Armstrong Teachers Share Secrets on Building Relationships with Future Educators
"Show up and be yourself" was the message students received at the Armstrong Teacher Educators Panel Discussion
Show up and be yourself – that was the message students in the School of Education received from teachers at the Armstrong Teacher Educators Panel Discussion at the end of October.
Eight teachers from around the state who are current recipients of the Armstrong Teacher Educator Award spoke on the theme of the panel, “Cultivating Professional Relationships in Your Field Experience.”
Stacy Blosser has been teaching for 11 years; she currently teaches fourth grade at West Noble Elementary School. She told the audience that building relationships with their fellow teachers is just as important as building relationships with students.
“Take all the advice you can get, and then you can twist it and make it your own. Great teachers are molded from great teachers,” Blosser said.
Scott Hill is an English teacher at Homestead High School and has been teaching for 15 years. He said observation of other classes is one of the best ways to learn.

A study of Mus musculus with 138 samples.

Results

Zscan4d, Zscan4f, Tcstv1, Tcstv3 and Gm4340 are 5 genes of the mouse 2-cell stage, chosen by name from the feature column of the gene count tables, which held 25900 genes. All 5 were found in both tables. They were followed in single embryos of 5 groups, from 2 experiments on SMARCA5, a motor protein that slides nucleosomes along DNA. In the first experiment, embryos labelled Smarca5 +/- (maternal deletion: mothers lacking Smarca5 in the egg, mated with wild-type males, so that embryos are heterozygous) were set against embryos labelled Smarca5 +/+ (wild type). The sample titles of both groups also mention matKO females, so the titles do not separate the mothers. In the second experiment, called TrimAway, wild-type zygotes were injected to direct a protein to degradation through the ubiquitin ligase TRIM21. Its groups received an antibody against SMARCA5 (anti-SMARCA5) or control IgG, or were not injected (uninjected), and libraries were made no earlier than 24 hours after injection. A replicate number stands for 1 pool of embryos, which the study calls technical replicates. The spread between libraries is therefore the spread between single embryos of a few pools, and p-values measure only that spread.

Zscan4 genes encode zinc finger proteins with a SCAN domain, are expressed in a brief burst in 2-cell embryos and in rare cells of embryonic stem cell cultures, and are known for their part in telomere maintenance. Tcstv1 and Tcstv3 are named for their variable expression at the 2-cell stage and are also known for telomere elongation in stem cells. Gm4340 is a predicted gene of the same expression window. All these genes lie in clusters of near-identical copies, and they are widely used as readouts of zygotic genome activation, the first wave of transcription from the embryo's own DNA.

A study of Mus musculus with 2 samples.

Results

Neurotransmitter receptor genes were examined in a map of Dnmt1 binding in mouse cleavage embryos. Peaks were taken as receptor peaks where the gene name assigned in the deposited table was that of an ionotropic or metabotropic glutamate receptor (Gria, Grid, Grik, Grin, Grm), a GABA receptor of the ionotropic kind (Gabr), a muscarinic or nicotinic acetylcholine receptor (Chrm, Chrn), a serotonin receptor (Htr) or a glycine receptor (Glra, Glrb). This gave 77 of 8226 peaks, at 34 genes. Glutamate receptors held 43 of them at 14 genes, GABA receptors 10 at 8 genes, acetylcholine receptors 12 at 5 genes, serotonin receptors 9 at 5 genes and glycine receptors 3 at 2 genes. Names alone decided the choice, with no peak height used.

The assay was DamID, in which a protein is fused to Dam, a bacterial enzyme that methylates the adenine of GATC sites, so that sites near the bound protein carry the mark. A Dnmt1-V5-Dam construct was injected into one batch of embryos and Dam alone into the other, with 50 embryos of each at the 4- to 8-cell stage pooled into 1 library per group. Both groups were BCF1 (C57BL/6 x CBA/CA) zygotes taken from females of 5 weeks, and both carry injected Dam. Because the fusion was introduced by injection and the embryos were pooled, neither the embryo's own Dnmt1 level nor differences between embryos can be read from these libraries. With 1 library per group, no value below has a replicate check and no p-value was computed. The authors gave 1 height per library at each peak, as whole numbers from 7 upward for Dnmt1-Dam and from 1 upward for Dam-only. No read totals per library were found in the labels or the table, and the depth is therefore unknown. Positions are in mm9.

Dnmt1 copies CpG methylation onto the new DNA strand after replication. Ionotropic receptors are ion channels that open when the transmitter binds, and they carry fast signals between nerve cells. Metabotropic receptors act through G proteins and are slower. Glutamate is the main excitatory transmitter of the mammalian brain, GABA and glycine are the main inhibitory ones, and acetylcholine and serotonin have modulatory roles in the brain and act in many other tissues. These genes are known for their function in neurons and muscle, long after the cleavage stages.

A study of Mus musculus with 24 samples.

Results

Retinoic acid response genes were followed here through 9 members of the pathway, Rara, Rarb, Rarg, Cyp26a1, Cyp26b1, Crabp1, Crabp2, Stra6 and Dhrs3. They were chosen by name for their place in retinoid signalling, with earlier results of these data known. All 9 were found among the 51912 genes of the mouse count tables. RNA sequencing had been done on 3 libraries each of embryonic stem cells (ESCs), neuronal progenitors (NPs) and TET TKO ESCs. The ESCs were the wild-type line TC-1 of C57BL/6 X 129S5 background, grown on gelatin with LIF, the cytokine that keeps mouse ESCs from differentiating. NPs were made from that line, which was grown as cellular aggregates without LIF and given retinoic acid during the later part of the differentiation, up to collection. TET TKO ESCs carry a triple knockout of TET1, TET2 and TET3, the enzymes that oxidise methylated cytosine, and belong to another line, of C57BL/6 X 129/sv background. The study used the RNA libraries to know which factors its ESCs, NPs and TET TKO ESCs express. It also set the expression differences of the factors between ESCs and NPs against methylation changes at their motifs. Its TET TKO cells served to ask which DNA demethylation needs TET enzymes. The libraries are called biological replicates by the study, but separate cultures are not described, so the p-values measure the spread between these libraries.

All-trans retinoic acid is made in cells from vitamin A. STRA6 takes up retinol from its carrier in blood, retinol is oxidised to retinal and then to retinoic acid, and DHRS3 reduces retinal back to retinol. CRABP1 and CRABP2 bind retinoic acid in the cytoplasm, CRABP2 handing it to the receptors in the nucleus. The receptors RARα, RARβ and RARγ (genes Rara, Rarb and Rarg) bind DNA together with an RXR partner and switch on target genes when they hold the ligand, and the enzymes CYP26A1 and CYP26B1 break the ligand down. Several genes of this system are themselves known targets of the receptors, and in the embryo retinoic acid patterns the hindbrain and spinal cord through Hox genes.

“What class does not seem to be getting information that they could use immediately? What class is bored?” Hill said.
Linda Golston, a teacher at New Tech Innovative Institute, pointed out that students needed to do more than observe. “You’re in this environment you’re there to learn, but you need to be able to share some of the things you’re learning here [at the School of Education],” Golston said.
In addition to recognizing educator excellence, the Armstrong Teacher Educator Award (ATEA) provides funding so that winning teachers can pursue their own professional development projects in Bloomington or at their home schools. Since 1997, this award has been funded through the generosity of the Martha Lea and Bill Armstrong Fund and the Cook Group companies. Visit the ATEA page to read bios of all the Armstrong educators.